Good for your health & the environment
Join the cultures around the world that believe eating legumes, specifically black-eyed peas and lentils on New Year’s Day, will bring prosperity and good fortune. At Go Grains Health & Nutrition we know that enjoying legumes on any day of the year will bring more than prosperity and good fortune – good health too! Not only are legumes cheap (tick for prosperity), they are versatile, a great source of fibre, contain plenty of vitamins and minerals, carbohydrates for energy and a great non-meat protein alternative. People who eat legumes have a decreased risk of many diseases such as Coronary Heart Disease (CHD), Hypertension, Type 2 Diabetes Mellitus (T2DM) and Cancer.
Sometimes known as pulses, legumes are the dried edible seeds of legume plants such as lentils, beans and peas. The main legumes available in Australia include: chickpeas, soy beans, navy beans (more commonly known as baked beans), brown lentils, red lentils, cannellini beans, lima beans (butter beans), broad beans (fava beans), red kidney beans, mung beans, peanuts (yes, peanuts are technically a legume), split peas, black-eyed peas, adzuki beans and pinto beans.
Legumes are a very important contributor to a healthy diet, yet so many people are missing out. Research conducted by Go Grains Health & Nutrition in 2009 found that Australians (n=1700) on average are eating only 1/3 of a serve of legumes (1 serve = 1/2 cup cooked, 75g) a day. Painting an even bleaker picture, research from the 2007 National Children’s Nutrition and Physical Activity Survey found only 4.9-7.3% of children aged 2-16 years ate legumes the day before they were interviewed for the study.
Legumes are inexpensive, easy to prepare and very nutritious – rich in protein, fibre, vitamins, minerals, particularly B vitamins, iron, zinc, calcium and magnesium, and they are also low in fat! You might already be eating legumes without realising it – baked beans, dahl, hummus and falafels are all made with legumes.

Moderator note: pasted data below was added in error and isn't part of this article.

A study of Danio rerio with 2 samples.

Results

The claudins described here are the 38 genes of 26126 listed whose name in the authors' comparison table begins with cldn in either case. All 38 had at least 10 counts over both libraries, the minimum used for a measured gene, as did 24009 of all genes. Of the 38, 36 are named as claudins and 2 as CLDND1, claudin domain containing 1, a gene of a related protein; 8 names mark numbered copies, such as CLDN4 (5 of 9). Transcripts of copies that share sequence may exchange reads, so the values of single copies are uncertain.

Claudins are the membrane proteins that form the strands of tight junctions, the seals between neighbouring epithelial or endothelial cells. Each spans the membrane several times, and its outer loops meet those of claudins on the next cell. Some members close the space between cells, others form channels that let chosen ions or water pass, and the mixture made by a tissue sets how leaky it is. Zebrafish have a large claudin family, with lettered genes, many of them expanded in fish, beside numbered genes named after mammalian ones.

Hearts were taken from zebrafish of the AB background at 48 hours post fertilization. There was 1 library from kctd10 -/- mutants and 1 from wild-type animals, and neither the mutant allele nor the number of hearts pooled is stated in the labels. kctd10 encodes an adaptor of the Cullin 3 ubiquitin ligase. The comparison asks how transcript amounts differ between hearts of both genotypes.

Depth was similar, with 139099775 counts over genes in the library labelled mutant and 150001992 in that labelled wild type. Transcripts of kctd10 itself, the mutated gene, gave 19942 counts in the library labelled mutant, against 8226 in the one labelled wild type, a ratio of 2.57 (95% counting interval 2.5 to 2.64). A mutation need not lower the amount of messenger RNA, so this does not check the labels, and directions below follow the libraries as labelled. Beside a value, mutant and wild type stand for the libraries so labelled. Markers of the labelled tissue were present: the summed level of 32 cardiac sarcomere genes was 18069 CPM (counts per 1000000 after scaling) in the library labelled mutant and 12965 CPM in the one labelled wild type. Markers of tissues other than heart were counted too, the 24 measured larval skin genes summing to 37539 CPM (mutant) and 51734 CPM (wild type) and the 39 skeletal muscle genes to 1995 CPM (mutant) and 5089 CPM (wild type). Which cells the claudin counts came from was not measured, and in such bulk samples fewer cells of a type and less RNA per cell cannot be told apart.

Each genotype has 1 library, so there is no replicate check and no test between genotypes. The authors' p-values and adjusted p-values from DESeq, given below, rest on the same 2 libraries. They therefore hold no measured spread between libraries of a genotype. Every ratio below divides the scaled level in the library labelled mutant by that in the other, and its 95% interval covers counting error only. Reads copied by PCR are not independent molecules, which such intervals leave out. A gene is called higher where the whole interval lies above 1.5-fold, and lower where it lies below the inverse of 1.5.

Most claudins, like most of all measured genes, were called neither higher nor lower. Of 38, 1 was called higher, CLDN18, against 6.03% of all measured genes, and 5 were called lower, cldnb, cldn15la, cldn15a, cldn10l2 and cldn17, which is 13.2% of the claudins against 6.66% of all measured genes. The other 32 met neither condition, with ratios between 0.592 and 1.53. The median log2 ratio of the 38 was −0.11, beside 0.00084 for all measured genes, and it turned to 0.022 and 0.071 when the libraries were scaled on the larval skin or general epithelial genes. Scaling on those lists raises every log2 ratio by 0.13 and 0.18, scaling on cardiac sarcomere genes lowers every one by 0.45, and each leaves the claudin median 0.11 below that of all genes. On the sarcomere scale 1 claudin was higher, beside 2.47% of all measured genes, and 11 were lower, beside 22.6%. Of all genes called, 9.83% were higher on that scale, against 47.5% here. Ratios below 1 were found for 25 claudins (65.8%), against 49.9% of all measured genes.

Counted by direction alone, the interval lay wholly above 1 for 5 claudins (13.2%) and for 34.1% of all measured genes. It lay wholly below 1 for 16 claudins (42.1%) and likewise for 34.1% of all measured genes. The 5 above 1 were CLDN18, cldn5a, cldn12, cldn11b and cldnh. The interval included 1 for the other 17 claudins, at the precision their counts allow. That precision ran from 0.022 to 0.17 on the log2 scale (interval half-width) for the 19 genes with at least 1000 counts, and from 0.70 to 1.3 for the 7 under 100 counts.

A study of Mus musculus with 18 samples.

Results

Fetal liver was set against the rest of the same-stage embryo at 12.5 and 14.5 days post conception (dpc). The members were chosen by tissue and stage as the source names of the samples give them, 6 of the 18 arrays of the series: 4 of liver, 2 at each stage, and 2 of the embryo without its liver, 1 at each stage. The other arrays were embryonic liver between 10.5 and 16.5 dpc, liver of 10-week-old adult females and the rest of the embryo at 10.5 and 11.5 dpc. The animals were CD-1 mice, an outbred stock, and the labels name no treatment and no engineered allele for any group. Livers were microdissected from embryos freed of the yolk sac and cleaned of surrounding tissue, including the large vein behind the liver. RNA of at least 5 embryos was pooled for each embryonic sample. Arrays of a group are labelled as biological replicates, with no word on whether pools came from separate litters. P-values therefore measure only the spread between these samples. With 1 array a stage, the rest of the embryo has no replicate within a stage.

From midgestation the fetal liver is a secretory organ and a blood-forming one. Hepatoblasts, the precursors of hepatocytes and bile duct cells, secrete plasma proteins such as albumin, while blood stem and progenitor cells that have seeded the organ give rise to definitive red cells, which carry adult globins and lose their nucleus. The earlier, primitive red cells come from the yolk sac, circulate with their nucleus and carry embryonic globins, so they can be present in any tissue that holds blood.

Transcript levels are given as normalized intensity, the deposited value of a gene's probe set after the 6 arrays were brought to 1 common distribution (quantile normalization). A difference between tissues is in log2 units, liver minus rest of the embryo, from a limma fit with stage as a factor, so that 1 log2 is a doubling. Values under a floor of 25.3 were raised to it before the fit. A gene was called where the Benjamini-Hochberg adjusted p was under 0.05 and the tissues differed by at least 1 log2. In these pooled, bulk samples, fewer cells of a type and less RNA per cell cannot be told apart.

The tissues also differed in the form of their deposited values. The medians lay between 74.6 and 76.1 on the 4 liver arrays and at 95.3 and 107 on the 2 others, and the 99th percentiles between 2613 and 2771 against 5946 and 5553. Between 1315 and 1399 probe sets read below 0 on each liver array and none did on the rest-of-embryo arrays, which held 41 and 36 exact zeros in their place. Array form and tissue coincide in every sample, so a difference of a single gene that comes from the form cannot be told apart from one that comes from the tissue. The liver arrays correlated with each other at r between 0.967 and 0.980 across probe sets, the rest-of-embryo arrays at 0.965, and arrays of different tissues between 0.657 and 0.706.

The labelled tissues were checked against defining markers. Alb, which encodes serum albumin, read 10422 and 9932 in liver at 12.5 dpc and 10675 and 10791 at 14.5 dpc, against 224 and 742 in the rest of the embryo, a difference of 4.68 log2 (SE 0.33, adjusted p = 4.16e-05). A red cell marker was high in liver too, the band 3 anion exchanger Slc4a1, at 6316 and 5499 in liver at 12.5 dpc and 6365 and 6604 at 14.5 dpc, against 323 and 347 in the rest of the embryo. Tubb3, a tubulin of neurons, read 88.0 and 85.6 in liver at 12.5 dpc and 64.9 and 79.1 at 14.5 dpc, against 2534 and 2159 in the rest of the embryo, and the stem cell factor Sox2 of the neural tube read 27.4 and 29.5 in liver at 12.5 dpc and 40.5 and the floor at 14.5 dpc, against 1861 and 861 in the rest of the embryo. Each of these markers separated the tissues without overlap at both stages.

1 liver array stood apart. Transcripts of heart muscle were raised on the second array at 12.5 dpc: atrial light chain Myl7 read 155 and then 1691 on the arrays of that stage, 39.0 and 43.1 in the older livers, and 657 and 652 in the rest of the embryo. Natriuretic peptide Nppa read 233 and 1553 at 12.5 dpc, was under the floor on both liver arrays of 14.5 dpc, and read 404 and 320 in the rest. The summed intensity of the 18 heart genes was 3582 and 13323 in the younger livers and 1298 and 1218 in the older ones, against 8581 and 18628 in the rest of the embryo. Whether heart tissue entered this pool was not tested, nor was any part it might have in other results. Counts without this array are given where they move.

One of the most common reasons cited for not eating more legumes is lack of knowledge about how to cook and prepare them. To improve their nutritional value, digestibility and reduce effects of flatulence you should always soak raw, dry legumes before consumption.
- Quick soak – add 3 cups of water to each cup of legumes in a saucepan. Bring to boil and remove from heat. Cover and leave for 1-2 hours. Rinse before cooking.
- Slow soak – soak legumes covered with plenty of water in a cool place for 4-8 hours (overnight is best), then drain and rinse before cooking.
- Cooking – place soaked legumes into a saucepan and cover with fresh water. Bring to boil and cook for 1 1/2 – 2 hrs until tender. Added salt will prolong the cooking time.
If this is all too hard, then pre-cooked (canned) legumes are very convenient. You could drain and rinse them before cooking to remove excess sodium from the water.
Including legumes in your diet can lead to positive changes, especially in terms of dietary fibre which can help you to feel fuller for longer. Regular legume consumption can help reduce the risk of diseases such as CHD, cancer and T2DM by decreasing cholesterol and triglycerides, high antioxidant content and anti inflammatory compounds along with the positive effects of fibre and blood glucose control. If you are not used to eating legumes, introduce small amounts into your meals initially to give your digestive system time to adjust to the higher fibre content (resulting in less production of gas).
Legumes are good for you and the environment. Legume crops have a positive impact on the environment. Legume roots produce their own nitrogen which is taken from the air and converted into a form the plant can use. When the legume crop is harvested, excess organic nitrogen (a great fertiliser) is left behind and can be used by other plants, making legumes great rotation crops.
For recipes containing the goodness of legumes visit the recipe section of the GLNC website.